They're easy. They're painless. They require little lesson planning. They give you as a teacher time to yourself. What is this they, I'm referring to, you ask? They are worksheets, and they do not work in the classroom today.
Yes indeed, you read correctly the ever so beloved teacher's companion is not effective in today's classroom. Now before you slam down your coffee on your worksheet covered desk, and come after me with your white board pointer finger pitchforks of fury, hear me out.
Do not get me wrong; I do not think that worksheets are the root of all evil in education nor do I think that we as teachers should avoid worksheets like the plague or like the cheese on the playground in Diary of a Wimpy Kid. In fact I think that in some cases, worksheets are invaluable to certain educational concepts. For example, I cannot imagine teaching a group of first graders Saxon Phonics without some worksheets to guide them. That's basically like asking a hill of ants to build the framework for the Batman Building. I also understand that without repetitive practice, asking students to fully grasp a mathematical concept is like expecting to win the Super Bowl without showing up to the first practice.
I'm not saying that worksheets do not belong in the classroom, but what I am saying is that education is changing. It always has been changing and always will be changing. Think with me for a moment about the dreaded state standardized monster of a test that you groom your students for all year. Think back to that never ending list of state standards. Are your palms sweating and your blood pressure rising, right about now? Yep, mine too.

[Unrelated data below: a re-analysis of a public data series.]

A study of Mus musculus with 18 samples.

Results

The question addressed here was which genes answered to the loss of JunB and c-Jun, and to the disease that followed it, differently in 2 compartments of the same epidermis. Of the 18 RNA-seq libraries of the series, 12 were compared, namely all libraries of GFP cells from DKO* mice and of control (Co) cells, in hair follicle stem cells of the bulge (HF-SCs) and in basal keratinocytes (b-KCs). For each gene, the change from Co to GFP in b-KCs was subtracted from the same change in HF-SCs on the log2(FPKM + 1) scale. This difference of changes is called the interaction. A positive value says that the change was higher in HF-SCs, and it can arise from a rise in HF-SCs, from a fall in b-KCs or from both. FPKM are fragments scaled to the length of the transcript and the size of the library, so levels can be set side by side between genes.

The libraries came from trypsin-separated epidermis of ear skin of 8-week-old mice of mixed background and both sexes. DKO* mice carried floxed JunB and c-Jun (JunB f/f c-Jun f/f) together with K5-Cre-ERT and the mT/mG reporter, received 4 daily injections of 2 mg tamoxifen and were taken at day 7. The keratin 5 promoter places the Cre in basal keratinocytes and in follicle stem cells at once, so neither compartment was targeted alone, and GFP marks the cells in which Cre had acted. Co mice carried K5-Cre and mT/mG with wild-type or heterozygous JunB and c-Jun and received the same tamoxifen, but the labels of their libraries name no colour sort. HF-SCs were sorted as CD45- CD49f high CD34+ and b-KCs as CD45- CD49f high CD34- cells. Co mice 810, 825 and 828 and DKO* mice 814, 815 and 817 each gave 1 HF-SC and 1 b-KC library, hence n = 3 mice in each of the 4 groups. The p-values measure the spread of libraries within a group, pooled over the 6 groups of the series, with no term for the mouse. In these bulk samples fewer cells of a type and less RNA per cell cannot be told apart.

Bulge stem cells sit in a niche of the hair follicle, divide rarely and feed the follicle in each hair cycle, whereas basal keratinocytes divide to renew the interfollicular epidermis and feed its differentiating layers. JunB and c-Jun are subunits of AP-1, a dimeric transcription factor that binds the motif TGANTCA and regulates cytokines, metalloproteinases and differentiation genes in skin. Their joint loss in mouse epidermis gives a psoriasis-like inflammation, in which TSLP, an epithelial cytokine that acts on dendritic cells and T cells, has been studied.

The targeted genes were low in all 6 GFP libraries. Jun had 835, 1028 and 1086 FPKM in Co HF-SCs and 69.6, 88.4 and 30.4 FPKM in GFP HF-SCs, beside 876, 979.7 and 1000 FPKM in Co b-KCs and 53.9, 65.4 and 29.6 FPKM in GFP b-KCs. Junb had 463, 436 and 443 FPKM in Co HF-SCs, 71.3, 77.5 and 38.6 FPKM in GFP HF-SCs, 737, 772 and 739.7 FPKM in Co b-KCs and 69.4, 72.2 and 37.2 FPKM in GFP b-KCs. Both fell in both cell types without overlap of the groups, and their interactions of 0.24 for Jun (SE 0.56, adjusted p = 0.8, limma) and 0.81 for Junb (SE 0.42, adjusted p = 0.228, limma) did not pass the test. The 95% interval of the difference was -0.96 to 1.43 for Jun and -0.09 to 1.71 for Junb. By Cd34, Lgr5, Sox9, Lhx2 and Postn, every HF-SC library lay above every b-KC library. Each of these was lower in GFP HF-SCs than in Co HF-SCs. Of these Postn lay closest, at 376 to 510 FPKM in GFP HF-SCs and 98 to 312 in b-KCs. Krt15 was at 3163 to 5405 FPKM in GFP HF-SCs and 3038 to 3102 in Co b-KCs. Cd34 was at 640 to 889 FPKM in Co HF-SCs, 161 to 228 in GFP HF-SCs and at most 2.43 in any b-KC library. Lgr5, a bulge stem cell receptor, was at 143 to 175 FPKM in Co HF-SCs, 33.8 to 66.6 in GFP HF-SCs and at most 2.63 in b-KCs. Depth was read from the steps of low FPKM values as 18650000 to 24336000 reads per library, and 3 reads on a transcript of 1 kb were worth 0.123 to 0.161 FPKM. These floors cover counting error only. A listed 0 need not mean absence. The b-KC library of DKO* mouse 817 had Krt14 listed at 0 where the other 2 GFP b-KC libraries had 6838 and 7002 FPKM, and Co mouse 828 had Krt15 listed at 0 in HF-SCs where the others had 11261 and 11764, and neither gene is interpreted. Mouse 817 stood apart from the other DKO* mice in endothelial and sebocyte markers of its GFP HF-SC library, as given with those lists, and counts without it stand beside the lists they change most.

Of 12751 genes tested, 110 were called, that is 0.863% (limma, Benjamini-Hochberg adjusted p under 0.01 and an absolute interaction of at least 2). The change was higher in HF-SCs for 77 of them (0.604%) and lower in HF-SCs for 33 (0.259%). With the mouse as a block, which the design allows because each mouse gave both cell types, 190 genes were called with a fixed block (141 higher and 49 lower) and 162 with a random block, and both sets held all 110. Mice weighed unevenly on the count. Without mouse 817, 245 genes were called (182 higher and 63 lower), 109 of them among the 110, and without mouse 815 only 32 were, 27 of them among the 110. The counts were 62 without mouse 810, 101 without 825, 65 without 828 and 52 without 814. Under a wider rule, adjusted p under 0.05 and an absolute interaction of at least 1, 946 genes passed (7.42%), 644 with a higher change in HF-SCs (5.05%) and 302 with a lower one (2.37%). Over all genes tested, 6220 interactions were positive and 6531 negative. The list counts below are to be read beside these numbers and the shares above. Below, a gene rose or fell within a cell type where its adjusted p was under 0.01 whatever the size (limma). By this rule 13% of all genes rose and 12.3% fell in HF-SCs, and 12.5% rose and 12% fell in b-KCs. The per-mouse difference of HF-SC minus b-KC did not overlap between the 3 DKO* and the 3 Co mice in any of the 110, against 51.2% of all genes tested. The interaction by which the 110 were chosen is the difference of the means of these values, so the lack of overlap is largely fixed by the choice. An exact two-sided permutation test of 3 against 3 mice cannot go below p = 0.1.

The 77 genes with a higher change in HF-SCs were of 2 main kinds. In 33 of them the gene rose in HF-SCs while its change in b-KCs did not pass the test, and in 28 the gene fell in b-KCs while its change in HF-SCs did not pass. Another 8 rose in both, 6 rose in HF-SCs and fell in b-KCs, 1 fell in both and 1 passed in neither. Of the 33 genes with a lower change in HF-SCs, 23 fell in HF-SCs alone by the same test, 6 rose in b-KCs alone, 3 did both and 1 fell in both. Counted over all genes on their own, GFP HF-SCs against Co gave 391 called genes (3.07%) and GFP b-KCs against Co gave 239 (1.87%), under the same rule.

Here's the thing, as educators more is required out of us than ever before. We have more students, more restrictions, more responsibilities, and more stress than ever before. There's so much change in education that it's hard to keep track, and we have to change too, or we'll get left behind. So that means that the things that have always worked may not and probably will not work anymore. And that's where worksheets come in to play.
Worksheets can be fantabulous,and at one point, they alone were probably sufficient. But if you look at the standards, it is not enough for our students to understand the concepts that we teach at surface level; the new standards say that we have to strap our scuba diving mask on, hold our breaths, jump into the unknown, and get in depth.
Worksheets, for the most part, cover our surface level understanding. And that is great; don't get me wrong! But it just doesn't cut it anymore. Students need to fully grasp the concept; they have to explore it on their own and create their own meanings for whatever it is that they're learning. When that state test comes around, they will not remember the answer to #17 on the worksheet; I promise you that, but they will remember the moment it clicked for them, and it all made sense.
Worksheets can be helpful, but we can't rely on them to teach our students. That's our job. Worksheets can aide us, but they can't complete the process for us. It is our job to rise to the occasion, take on the challenge, and make our content part of a larger learning process. Worksheets are not effective as the main form of instruction in today's classroom. They just don't cut it anymore.
Worksheets don't work in today's classroom because we have to. So strap on your scuba masks and let's dive deeper!